1. An amendment to the wife's petition, alleging that the, child of the parties had been born subsequently to the filing of the divorce action, and praying for permanent alimony for the support of the child, would have been germane to her action for divorce and alimony. Any lack of pleadings or prayers was cured by the judgment and decree, and that part of the judgment awarding alimony for the minor child is not void. Auld v. Schmelz, 199 Ga. 633 (2)
(34 S. E. 2d, 860); Barbee v. Barbee, 201 Ga. 763
, 768 (41 S. E. 2d, 126); Armstrong v. Armstrong, 206 Ga. 540
(57 S. E. 2d, 668); Guthas v. Guthas, 207 Ga. 177
(60 S. E. 2d, 370).
(a) It will be presumed that the judgment for alimony for the support and maintenance of the minor child was based on sufficient evidence. Moss & Co. v. Stokeley, 95 Ga. 675, 676 (22 S. E. 692); Mell v. McNulty, 185 Ga. 343, 344 (195 S. E. 181).
2. The trial judge did not err in finding the defendant in contempt of court for failure to make the payments for the support of his minor child.
On July 11, 1951, Martha Jane Nichols filed a petition in Fulton Superior Court against her husband, William Claude Nichols. She alleged: That the defendant was a resident of Fulton County. The cruel treatment of the defendant had forced her to separate from him. She was then pregnant, and asked that the court grant her temporary alimony in the sum of $25 per week, besides $125 for maternity expense, and $150 as attorney's fees. She further asked that the court grant her "such other and further sums as the court may deem proper and necessary as permanent alimony." At the conclusion of the petition, the designated prayers were: for process; for an order directing the defendant to answer her demands for temporary alimony, lying-in expense, and attorney's fees; for an injunction restraining the defendant from molesting her; and that she have a total divorce from the defendant and custody of the child. The defendant was personally served.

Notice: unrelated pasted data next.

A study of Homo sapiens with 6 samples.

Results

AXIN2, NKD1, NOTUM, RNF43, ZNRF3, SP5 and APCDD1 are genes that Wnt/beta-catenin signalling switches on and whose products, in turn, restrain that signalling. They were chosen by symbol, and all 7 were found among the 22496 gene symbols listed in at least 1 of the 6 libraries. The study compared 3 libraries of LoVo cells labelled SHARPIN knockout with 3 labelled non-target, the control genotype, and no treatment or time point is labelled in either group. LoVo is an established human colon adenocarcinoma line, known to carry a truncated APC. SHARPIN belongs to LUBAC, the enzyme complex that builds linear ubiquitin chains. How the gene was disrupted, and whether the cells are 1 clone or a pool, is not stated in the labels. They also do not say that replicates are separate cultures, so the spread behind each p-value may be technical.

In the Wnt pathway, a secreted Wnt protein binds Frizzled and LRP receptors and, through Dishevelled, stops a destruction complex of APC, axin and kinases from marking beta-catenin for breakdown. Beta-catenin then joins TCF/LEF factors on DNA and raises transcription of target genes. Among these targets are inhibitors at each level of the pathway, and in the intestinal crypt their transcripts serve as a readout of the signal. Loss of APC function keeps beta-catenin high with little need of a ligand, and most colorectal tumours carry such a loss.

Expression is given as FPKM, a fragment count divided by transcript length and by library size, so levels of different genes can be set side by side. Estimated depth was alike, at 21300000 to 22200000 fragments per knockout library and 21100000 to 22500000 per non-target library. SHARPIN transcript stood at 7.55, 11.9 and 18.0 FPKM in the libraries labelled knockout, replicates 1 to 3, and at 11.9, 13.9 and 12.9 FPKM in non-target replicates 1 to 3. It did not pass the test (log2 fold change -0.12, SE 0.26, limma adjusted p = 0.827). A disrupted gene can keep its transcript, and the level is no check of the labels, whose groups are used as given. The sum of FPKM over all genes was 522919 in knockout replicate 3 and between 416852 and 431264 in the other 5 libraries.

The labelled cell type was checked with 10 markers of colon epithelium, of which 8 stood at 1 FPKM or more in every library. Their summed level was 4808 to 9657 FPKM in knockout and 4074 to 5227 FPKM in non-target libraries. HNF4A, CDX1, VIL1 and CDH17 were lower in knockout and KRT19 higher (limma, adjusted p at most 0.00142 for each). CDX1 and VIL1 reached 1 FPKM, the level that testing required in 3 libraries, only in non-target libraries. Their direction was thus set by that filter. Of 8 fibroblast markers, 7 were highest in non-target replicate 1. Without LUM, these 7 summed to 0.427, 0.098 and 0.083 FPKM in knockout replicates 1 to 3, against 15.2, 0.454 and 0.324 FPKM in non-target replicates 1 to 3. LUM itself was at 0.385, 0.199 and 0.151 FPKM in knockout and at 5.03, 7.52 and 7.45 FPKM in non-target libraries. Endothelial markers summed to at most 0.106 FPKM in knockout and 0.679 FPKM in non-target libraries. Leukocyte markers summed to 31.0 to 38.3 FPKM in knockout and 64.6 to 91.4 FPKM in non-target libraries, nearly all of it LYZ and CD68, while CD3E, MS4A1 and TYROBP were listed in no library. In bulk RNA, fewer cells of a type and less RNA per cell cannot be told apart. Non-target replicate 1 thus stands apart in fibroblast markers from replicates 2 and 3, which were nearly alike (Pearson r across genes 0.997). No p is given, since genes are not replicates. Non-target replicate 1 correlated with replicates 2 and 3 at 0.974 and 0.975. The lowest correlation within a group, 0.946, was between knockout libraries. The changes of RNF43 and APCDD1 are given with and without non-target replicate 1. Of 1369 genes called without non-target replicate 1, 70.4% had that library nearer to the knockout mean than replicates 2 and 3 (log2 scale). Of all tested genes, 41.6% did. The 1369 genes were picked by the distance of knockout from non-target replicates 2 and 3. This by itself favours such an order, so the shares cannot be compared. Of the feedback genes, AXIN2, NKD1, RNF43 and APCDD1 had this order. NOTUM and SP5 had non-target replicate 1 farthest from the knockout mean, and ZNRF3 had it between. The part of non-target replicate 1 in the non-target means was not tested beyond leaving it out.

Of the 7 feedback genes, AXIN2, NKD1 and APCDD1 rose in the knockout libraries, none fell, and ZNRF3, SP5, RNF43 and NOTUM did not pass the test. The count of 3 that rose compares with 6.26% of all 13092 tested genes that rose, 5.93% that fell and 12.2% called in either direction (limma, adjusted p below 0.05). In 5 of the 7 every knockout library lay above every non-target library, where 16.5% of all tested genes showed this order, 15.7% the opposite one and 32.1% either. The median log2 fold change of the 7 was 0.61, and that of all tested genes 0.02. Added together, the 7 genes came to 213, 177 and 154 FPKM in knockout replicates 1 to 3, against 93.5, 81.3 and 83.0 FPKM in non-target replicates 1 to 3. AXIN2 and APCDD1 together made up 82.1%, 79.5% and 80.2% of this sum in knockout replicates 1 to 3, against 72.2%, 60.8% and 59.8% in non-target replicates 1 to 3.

On December 4, 1951, the trial judge entered a decree, in which the plaintiff was granted a divorce, and the defendant was not given the right to remarry. The defendant was ordered to pay $20 per week as permanent alimony for the support and maintenance of his child, Devona Illene Nichols, until she reaches the age of 21 years. Custody of the child was awarded to the plaintiff, and certain personal property was awarded to her as permanent alimony.
On February 13, 1953, a rule nisi was duly issued on the application of Mrs. Nichols, requiring the former husband to show cause why he should not be adjudged in contempt for failure to pay the alimony of $20 per week, it being alleged that he was in arrears in the sum of $1200.
At the hearing the former husband made an oral motion to dismiss the citation on the ground that the order of December 4, 1951, was null and void, in that the order provided for the payment of alimony for a child named Devona Illene Nichols, that there was no amendment filed to the wife's petition showing that the child had been born, there were no pleadings in the case authorizing the court to provide alimony for a child not disclosed in the pleadings, and there was no prayer in the original petition for permanent alimony.
The trial judge overruled the motion to dismiss and held the defendant in contempt. The exception is to that judgment.